The British Isles lie to the north-west of Europe. The total area is about 244.000 square kilometers. They are separated from Europe by the English Channel and by the North Sea. The Irish Sea separates Great Britain from Ireland. In the west and north-west the British Isles are washed by the Atlantic Ocean. The North Sea and the English Channel are also called the Narrow Seas because they are difficult for navigation as they are very shallow. The North Sea is rich in natural gas and oil. As for the English Channel, the narrowest point occurs at the Strait of Dover, where it is 32 kilometers across. Swimmers attempting to cross the Channel face three main challenges: strong currents, cold water, and a high concentration of jellyfish, which can inflict painful stings.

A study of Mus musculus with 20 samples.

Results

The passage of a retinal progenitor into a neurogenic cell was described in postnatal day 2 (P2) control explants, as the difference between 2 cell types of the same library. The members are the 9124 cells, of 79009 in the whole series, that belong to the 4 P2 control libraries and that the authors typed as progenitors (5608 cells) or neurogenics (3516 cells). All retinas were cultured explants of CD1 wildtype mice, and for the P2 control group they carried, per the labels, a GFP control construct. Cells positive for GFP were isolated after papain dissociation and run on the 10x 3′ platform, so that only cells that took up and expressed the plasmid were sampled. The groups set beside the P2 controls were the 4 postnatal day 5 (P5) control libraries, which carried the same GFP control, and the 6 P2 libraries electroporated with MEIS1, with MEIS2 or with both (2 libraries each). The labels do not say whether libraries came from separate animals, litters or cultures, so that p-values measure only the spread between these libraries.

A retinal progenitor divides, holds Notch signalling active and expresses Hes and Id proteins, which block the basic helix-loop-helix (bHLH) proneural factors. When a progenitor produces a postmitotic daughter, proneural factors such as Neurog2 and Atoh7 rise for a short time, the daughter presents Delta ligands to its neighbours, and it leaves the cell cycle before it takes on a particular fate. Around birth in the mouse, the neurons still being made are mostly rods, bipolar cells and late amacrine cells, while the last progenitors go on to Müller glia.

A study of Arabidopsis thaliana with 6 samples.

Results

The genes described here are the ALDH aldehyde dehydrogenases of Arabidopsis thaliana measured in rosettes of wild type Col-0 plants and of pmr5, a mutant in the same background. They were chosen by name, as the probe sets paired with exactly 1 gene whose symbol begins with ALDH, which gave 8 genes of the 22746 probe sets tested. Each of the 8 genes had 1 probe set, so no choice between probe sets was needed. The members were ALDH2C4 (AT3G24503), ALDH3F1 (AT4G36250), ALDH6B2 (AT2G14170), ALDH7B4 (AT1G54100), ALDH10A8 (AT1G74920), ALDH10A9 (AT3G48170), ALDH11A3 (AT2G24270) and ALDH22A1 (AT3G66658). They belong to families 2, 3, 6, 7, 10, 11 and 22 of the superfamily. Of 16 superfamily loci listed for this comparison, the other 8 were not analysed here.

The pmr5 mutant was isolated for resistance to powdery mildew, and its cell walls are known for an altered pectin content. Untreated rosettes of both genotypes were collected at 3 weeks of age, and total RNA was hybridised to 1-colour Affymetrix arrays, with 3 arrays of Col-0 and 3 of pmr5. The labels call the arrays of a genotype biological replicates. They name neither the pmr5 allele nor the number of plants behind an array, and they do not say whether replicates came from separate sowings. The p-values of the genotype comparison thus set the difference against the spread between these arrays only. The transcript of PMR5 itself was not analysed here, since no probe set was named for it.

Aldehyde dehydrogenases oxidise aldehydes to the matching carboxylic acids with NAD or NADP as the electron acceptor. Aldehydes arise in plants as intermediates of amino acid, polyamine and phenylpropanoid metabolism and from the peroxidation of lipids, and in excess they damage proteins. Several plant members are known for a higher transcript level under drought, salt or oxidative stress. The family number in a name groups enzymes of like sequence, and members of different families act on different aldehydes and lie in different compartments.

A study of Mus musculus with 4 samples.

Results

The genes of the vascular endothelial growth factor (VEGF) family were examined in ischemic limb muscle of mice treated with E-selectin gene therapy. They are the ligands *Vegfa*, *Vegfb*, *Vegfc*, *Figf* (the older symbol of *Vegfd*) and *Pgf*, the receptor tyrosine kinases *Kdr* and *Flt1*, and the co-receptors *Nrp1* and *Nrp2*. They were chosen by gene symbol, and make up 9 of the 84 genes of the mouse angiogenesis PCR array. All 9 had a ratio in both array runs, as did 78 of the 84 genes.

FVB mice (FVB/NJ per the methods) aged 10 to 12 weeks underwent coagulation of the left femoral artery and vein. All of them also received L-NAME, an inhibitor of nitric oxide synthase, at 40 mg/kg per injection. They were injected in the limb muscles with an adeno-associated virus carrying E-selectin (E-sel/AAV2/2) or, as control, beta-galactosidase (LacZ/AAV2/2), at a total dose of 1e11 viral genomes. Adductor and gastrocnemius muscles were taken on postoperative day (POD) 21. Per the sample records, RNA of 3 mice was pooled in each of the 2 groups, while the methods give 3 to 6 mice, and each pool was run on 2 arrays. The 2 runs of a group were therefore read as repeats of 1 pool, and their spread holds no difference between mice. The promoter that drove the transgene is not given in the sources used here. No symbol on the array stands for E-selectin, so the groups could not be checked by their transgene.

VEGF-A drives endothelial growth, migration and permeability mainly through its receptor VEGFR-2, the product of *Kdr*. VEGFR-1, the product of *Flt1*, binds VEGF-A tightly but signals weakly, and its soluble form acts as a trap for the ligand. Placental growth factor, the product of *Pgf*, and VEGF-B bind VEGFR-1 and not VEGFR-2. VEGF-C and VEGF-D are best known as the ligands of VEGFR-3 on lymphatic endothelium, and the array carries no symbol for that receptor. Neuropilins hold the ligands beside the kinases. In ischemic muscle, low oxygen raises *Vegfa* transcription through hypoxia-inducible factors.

The Atlantic Ocean brings warm waters from the Golfstream and makes the British climate mild. It is not very hot in summer and it is not very cold in winter.
The British Isles consist of Great Britain, the biggest island, Ireland, a smaller one, and 5000 small islands, some of which are densely populated. Some islands appear and disappear during ebb tides.
The Shetlands have the same altitude as St Petersburg, so they experience white nights as well.
The Orkneys are not densely populated because of severe climatic conditions, and the soil is not fertile.
The Hebrides have a more or less favorable position. Industry and culture are developed here.
The Isle of Man has a very old history. Its emblem is a cat without a tail or with a very short one. Corporal punishment is forbidden here by law.
The Channel Islands are connected with World War II by the prisoner-of-war camps that were built there.
Besides islands, the British Islands include 2 peninsulas: Wales and Cornwell.